Ross Creek is primarily a water conservation precinct for Dunedin City, but is also an important heritage, recreation and conservation area for the city. It offers varied pedestrian exercise opportunities for both able-bodied and mobility-impaired users and is used for walking, running and orienteering. Ross Creek also provides important recreational linkages to Craigieburn, Flagstaff, Swampy Summit and the Leith Valley.
The Volcanic Landscape
Both School Creek Valley and the original gully in which Ross Creek flowed have been deeply etched into a rocky undermass originally violently erupted as lava by the ancient Dunedin volcano. Active between 16.0 and 9.9 million years ago, it was the largest and most enduring of all the vents in the active local field of about 200 small volcanic cones. The most enduring legacy of Dunedin volcano’s is the deposition of a basaltic rock known today as Leith Valley trachyandesite. Characteristically, it features strong horizontal and vertical jointing that yields rectangular pieces both readily quarried and ideal for building purposes. Another legacy of the area’s geological origins are deposits of fine grained ash emitted at the start of explosive eruptions of the Dunedin volcano which formed a layer over which lava then flowed before solidifying as Leith Valley trachyandesite.
Ross Creek’s Built Heritage
Ross Creek Reservoir was built and managed by a private local firm, the Dunedin Waterworks Company Limited. In 1875, however, the facility was taken over by the Dunedin City Council and has remained under its management. The original design and early construction of the reservoir was undertaken for the Dunedin Waterworks Company by young British engineer Ralph Donkin and construction began in August 1865, with the overflow/stormwater channel along the reservoir’s east side created first. The dam and valve tower have been registered by the Historic Places Trust as a Category I Historic Places. Construction of the larger of the two dams came last , in tandem with excavation of the hill slope on the west side. The reservoir build was undertaken by a workforce of 150-200 men who manually excavated the locally-sourced clay and stone. The project was completed in November 1867 and formally opened on December 9th. Though christened the Royal Albert Reservoir, it soon became known as Ross Creek commemorating Archibald Hilson Ross, a Dunedin optician and for a time Otago’s provincial meteorologist.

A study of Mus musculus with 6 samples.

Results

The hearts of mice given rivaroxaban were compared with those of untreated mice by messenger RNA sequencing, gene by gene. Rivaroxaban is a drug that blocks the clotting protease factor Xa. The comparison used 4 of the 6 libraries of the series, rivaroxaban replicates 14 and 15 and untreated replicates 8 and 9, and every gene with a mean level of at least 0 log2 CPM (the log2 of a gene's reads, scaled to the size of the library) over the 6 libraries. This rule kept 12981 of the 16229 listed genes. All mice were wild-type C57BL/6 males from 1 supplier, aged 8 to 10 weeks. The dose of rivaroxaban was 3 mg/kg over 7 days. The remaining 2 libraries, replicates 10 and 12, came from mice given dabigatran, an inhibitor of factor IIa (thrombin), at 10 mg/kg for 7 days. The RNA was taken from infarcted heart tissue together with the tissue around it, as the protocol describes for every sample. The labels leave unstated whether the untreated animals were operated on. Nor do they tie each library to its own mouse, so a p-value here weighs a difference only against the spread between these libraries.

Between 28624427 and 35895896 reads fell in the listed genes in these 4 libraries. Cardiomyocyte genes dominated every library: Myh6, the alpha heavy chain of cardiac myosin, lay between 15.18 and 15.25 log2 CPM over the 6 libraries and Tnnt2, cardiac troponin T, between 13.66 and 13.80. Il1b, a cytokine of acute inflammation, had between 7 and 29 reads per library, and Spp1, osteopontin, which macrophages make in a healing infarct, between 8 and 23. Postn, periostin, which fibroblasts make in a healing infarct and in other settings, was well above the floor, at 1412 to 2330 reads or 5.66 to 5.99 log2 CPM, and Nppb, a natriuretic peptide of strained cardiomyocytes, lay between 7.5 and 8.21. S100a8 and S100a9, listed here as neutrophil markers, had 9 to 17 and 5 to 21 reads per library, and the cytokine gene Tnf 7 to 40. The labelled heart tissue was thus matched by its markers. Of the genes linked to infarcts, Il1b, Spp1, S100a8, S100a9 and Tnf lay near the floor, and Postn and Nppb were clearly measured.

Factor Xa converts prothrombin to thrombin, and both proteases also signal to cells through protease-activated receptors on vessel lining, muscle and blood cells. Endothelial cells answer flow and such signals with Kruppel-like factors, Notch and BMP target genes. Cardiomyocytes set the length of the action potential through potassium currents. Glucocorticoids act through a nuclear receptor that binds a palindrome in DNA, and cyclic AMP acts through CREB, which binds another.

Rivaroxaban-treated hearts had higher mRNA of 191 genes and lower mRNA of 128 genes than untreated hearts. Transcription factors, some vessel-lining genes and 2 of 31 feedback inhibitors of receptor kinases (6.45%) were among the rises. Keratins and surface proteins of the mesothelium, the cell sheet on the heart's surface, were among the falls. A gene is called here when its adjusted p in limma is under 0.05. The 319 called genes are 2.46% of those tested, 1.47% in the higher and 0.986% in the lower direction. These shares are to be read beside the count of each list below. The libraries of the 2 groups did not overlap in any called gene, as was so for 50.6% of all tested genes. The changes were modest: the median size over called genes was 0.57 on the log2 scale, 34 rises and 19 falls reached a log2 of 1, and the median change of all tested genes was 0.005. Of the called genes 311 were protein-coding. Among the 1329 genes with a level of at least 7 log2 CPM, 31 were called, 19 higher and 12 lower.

The Forest Environment
Prior to European settlement Ross Creek was a vibrant and diverse plant lowland forest plant community. During the nineteenth century there was significant forest clearance for firewood, domestic construction and agricultural development. Today, the dominant species around the central pond is the kanuka (Kunzea ericoides) while a few very old broadleaf/kapuka (Griselinia littoralis) and other sub-canopy species remain along with a scattering of aged podocarps on the site.
There is a strong fern and ground cover throughout most parts of Ross creek which includes the tall whe (Cyathea smithii), the ground hugging hounds tongue fern/kowaowao (Phymatosorus diversifolius) and the imposing stature of the vase-shaped crown fern (Blechnum discolor). In the kanuka and kapuka canopies lianes like pohuehue (Muehlenbeckia australis) puawhanganga (Clematis paniculata ) supple-jack/karewao (Ripogonum scandens) and the thorny bush lawyer/tataramoa (Rubus schmidelioides) still thrive. A generous under-storey also occurs with fine examples of pate (Schefflera digitata) broadleaf/kapuka (Griselinia littoralis) lemonwood/tarata (Pittosporum eugenioides), peppertree/horopito (Pseudowintera colorata), tree fuchsia/kotukutuku (Fuchsia excorticata) whitey wood/mahoe (Melicytus ramiflorus) and wineberry/makomako (Aristotelia serrata). A small group of podocarp trees including miro (Prumnopitys ferruginea), rimu (Dacrydium cuppressinum), totara (Podocarpus totara), and kahikatea or white pine (Dacrycarpus dacrydioides) still grow on the downhill side of the Podocarp Track.
Ross Creek provides significant feeding, roosting and breeding habitat to many bird species and is an important part of the biological connectivity in the wider landscape. The presence of the reservoir has created a unique habitat for Australasian coot, black shag, harrier hawk, kingfisher and paradise shelduck as well as spur-winged plover, white-faced heron and the ubiquitous black-backed gull and the plentiful mallard duck. In summer, small swarms of welcome swallow swoop and wheel above the reservoir scavenging insects on the water surface or flying above it. Shags are occasionally seen devouring southern koura the native fresh water lobster (Paranephrops zealandicus) that helps cleanse reservoir water by eating waste and filtering bottom sediment. In the forest canopy and along the track edges visitors will hear and see bellbird, tui, kereru and fantails.
Find Ross Creek and its Environs
Use the map to find how to get to Ross Creek and the surrounding area. You can change from a map view to an aerial view and navigate using the toolbar on the map. Good luck and enjoy your time in a very unique area of Dunedin City.